Older job-seekers face obstacles in modern market
Deborah Watson has worked as a secretary in medical, dental and hospital offices and is now back in the labor market, but at 53, she said, it’s difficult to get the attention of potential employers.
Watson comes from an era in which applicants dropped off resumes in offices, possibly garnering a preliminary meeting with a potential employer.
At the very least, a job applicant would know that a resume had been received and could expect a response, Watson said.
Not so today.
Applicants send their resumes to employers via the web and frequently receive no acknowledgement that their electronic missive has even been received, Watson said.
Helping older applicants navigate the new, sometimes cold, world of electronic communication is the idea behind the Searching After 50 Networking Group, which meets for the first time at 8:30 a.m. Tuesday at the Mesa County Work Force Center, 512 29 1/2 Road, Room 150.
Watson is interning at the Work Force Center and helping to establish the networking group, but she’s still in the market for full-time work.
It’s not that older workers don’t understand the value of email and the immediacy of communications, Watson said. If anything, they’d like a little more of it.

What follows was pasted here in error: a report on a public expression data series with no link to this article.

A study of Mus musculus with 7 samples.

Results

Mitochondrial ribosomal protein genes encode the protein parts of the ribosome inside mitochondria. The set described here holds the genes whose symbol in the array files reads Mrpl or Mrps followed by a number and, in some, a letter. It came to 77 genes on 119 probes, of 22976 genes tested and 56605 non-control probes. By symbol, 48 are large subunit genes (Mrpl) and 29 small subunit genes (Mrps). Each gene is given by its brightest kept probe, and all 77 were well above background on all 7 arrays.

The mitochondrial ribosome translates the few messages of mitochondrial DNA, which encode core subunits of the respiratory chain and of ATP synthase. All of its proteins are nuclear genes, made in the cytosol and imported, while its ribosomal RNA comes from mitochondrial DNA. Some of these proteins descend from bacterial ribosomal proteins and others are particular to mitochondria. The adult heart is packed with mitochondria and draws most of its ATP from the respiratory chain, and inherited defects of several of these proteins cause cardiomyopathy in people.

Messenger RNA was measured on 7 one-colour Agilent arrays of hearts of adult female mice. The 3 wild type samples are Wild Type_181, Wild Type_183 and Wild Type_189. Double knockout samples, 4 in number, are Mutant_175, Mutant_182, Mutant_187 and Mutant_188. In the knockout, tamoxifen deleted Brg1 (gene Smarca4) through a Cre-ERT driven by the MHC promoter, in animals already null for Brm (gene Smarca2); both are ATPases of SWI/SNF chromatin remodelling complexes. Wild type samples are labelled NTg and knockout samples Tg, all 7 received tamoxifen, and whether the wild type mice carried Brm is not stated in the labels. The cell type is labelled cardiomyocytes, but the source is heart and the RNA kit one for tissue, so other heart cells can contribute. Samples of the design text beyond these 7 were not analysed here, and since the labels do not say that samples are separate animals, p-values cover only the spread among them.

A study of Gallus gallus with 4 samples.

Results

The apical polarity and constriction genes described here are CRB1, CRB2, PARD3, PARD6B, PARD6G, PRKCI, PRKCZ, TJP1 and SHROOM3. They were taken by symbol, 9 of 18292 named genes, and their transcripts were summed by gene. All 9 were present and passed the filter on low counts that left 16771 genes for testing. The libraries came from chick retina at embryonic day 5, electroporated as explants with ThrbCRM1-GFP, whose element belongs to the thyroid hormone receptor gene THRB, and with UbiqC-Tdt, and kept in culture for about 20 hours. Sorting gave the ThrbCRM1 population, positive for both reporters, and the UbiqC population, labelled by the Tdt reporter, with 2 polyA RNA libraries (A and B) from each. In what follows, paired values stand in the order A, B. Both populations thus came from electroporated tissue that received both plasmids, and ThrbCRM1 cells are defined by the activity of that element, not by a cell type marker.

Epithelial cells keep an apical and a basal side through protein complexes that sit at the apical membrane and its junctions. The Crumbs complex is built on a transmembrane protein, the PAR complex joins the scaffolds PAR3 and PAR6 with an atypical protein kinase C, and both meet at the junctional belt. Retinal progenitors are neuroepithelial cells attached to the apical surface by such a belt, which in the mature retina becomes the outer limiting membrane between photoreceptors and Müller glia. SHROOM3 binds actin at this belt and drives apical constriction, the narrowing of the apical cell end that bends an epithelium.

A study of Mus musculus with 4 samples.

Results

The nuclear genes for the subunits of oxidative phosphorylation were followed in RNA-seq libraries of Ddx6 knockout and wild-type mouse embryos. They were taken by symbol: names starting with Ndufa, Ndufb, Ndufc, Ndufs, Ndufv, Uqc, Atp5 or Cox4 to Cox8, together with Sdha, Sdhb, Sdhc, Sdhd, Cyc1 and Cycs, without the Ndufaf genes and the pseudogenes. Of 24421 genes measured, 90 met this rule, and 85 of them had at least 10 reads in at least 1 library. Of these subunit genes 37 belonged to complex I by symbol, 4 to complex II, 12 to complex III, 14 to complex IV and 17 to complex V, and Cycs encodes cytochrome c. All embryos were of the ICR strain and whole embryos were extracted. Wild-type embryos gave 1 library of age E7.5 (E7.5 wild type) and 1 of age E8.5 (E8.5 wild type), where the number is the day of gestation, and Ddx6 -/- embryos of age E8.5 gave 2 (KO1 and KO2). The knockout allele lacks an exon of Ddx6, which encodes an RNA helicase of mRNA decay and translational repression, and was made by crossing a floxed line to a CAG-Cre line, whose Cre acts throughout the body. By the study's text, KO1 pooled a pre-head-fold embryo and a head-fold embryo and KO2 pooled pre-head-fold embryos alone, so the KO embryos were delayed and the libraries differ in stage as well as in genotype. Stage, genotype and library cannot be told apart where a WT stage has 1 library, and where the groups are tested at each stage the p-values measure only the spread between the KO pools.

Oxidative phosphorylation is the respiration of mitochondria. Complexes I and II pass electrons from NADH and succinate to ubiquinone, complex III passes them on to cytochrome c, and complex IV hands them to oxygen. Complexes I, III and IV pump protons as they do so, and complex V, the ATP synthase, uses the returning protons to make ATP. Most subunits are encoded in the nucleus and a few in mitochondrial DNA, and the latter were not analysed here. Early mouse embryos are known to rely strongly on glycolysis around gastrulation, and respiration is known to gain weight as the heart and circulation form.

“You don’t know if your resume has been received, when you might get an interview ... You sit and wait. We’re used to some type of response,” Watson said.
Similar groups for older job seekers have worked well on the Front Range, said Michael A. Smith Jr., the employment specialist working with Watson and the new networking group.
There are plenty of people 50 or older seeking work, many of them unemployed or underemployed or just seeking a change, Smith said of his “talent pool” that is waiting to be tapped.
The talent pool, whose talents range from mid-career people to chief executive officers, are “job ready,” already well aware that they need to show up on time, work a full day and so on, Smith said.
What many don’t realize, though, is that the skills they have are transferable to jobs they might never have considered, Smith said.
The networking group will tackle a variety of topics, from avoiding common mistakes and getting reality checks, to actual networking — sharing information and insights, Smith said.
For additional information, call Smith at 248-7560.